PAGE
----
Junior Margot Zuckerman will spend this summer traveling to six countries on four continents over 11 weeks

Northwestern University junior Margot Zuckerman, this year's recipient of the Circumnavigators Travel-Study Grant.
Northwestern University junior Margot Zuckerman, this year's recipient of the Circumnavigators Travel-Study Grant.

Northwestern University junior Margot Zuckerman will spend this summer traveling to six countries on four continents over 11 weeks to research food sustainability and security in urban areas.

Zuckerman is the recipient of this year’s Circumnavigators Travel-Study Grant. Funded jointly by Northwestern’s Office of Undergraduate Research and the Chicago Chapter of the Circumnavigators Club, the annual $9,000 award helps one student spend the summer traveling the world and researching a topic of his or her choice. 

“Food insecurity research has primarily been focused on rural areas, so I am excited to travel to urban areas and collect more city-focused data,” said Zuckerman, who is majoring in environmental sciences and economics in the Weinberg College of Arts and Sciences.

“The city of Singapore, for example, is an island with no land for farming so they import a lot of food and have an emphasis on food security,” she said. 

Zuckerman will start her travels this summer in Budapest, venture to Milan, then Tokyo, Singapore, and Brisbane, Australia, and finally end her summer in Rosario, Argentina.


When traveling, Zuckerman immersed herself in the culture by living with people from the region and eating whatever food they ate, whether fried bugs in Thailand or tarantula in Cambodia.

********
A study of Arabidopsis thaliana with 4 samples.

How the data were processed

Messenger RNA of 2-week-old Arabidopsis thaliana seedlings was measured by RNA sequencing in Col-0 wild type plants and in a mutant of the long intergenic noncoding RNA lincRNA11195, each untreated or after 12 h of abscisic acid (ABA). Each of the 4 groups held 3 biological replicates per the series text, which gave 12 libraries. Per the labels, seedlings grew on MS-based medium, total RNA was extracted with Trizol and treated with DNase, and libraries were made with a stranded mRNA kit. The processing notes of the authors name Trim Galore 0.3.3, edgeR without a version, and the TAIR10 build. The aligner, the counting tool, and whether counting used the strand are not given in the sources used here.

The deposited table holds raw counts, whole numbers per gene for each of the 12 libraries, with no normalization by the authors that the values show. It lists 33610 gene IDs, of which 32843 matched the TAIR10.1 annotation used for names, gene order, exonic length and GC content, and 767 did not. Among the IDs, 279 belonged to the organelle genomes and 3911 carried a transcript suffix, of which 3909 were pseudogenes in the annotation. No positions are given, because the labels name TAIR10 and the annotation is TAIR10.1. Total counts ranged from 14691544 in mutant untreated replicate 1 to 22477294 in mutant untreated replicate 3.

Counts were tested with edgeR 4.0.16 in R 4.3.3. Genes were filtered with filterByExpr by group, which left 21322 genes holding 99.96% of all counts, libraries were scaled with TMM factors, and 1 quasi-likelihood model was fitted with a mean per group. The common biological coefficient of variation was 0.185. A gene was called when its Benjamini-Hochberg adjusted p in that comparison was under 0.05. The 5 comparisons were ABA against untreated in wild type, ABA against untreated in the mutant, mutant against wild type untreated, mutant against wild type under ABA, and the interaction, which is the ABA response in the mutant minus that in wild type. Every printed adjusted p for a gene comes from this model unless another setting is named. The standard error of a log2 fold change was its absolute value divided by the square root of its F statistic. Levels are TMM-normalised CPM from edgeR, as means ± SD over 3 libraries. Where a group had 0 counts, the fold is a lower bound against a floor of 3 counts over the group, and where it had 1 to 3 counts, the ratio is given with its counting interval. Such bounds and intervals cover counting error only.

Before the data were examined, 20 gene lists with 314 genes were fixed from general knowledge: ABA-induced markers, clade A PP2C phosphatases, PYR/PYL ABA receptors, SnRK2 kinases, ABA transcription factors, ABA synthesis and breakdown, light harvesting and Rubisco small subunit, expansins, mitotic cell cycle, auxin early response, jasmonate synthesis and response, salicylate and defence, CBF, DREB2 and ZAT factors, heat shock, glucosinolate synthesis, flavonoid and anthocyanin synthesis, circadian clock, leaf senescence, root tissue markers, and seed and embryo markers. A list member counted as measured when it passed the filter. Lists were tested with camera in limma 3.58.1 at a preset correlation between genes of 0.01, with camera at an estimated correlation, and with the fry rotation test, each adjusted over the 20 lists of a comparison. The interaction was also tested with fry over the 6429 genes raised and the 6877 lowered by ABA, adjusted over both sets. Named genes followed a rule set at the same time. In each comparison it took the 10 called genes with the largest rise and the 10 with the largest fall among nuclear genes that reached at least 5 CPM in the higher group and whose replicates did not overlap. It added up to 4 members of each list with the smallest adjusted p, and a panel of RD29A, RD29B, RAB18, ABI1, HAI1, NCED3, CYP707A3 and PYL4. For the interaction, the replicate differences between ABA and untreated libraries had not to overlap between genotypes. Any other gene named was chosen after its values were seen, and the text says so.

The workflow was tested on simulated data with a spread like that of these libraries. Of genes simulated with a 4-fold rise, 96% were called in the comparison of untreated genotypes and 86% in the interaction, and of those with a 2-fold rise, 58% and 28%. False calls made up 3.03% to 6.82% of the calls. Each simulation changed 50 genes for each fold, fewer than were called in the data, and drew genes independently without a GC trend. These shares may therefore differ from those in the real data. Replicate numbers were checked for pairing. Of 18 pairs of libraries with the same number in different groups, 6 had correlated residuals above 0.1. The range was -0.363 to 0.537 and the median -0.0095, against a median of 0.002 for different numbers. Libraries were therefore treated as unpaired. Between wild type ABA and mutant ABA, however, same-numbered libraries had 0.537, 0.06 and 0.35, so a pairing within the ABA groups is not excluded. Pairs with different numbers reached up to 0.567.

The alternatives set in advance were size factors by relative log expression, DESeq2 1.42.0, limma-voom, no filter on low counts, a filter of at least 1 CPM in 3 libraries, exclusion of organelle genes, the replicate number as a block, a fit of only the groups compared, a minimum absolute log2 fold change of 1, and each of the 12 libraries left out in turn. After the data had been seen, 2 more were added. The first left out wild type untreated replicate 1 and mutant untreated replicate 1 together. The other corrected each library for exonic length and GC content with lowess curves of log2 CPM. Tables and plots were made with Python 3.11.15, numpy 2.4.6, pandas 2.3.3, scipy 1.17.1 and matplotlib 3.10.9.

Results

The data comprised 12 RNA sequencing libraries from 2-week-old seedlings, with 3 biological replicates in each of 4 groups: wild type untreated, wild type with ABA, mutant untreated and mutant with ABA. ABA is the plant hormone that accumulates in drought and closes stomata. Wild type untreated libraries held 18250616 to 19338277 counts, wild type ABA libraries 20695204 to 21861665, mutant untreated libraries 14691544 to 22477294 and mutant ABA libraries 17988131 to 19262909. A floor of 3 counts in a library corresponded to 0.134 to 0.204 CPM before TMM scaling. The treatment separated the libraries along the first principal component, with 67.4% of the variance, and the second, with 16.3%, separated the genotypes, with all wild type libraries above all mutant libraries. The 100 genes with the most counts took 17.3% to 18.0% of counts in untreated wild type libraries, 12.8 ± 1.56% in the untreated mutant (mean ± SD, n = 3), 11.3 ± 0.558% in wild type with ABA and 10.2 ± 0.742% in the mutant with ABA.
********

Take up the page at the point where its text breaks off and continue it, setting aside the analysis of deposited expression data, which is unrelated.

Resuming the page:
“Living with people who are from different countries has opened my eyes to their culture and has made me want to travel to different countries,” she said. “They eat bugs in so many countries across the world. I might be inclined to think it's gross, but I try to not think that way -- or at least cover up those thoughts by eating the bugs -- in order to respect and appreciate somebody else's culture."

$9,000Amount the award provides for summer travel and research

Zuckerman was a sustainability intern for Northwestern Dining and also has worked with Real Food at Northwestern, a student organization that works to increase the amount of “real” food -- local and community based, fair and ecologically sound and/or humane -- served on campus. 

In her free time, Zuckerman does improv. She thinks it has helped prepare her to think on her feet, which was one of the qualities Northwestern and the Circumnavigators Club were looking for in a candidate. 

Peter Civetta, director of the Undergraduate Research Office, said Zuckerman was the most impressive candidate he has interviewed for this reward in all his years doing it.

“I’m so grateful for how many wonderful experiences I’ve had to travel in my life so far, so I sometimes think, ‘Why would they pay for me to go to any more?’” Zuckerman said. “But those experiences have fostered my ability to be comfortable in otherwise uncomfortable situations and be mindful of different cultures wherever I am.”


“It’s so inherently exciting to travel to all these places and become more aware of socioeconomic issues in other cultures,” Zuckerman said. “This is a wonderful challenge for me to utilize my privilege to be able to travel around the world and do my small part to help further global food security.”